The research I have done this summer has provided the foundation for continuing into senior year. In the Geology department here at William & Mary, every senior has to complete research and write a thesis in order to graduate. I have been fortunate enough to begin this over summer and complete a great deal of preliminary research before the school year gets started. I’ve collected and reviewed many articles pertaining to my thesis and have been able to pare down superfluous information in order to concentrate on what is essential. I’ve also created multiple visuals for my research, including a geologic map, a topographic map, cross sections, a schematic of how the ophiolite and metamorphic sole were created, and a stage-by-stage walkthrough of the obduction process (see below).
Obduction process adapted from Searle (1999). Click image to enlarge.
I’ve organized the structural data collected on the field work days into stereonet graphs, which are circular models that structural geologists use to plot planes (e.g. foliation or bedding planes) and poles (e.g. lineations or poles to planes) in order to better visually represent data. Thoroughly looking through the 16 thin sections will be the next step of research that will be the most time-consuming because I will need to photograph certain areas of the thin sections and then use Illustrator to conduct either center-to-center or Rf/phi deformational analysis.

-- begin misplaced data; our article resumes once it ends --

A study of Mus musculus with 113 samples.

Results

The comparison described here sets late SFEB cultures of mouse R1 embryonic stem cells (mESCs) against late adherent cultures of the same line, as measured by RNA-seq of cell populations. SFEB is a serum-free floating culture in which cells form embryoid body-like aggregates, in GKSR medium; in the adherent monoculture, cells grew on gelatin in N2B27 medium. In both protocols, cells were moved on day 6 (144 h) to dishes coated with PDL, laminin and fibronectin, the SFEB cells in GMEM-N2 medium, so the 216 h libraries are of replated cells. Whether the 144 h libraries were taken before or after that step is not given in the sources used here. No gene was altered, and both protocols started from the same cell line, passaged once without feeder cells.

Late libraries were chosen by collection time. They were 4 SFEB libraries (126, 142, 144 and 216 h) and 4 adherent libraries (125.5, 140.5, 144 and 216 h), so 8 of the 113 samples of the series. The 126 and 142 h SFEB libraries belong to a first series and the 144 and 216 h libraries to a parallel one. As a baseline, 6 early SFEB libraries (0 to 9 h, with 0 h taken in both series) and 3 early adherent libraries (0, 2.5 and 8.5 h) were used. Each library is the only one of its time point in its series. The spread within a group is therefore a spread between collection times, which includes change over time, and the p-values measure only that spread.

In conclusion, there’s still a lot left to research! I now know that there is evidence for extensional faulting in the northern area through literature review and the stereonet data, however the thin sections will help to establish a more in-depth analysis of the surrounding rocks and resulting deformational features. If you’re interested in my final conclusions about this research, I would highly suggest attending the Geology department’s Senior Research Saturday, which will fall on April 22nd this upcoming spring. I, along with my fellow geology seniors, will present our year’s worth of research throughout the day. Until then, I’ll stay busy continuing this research. Thank you to the Charles Center and all the helpful staff that have given me the opportunity to work on this research this past summer!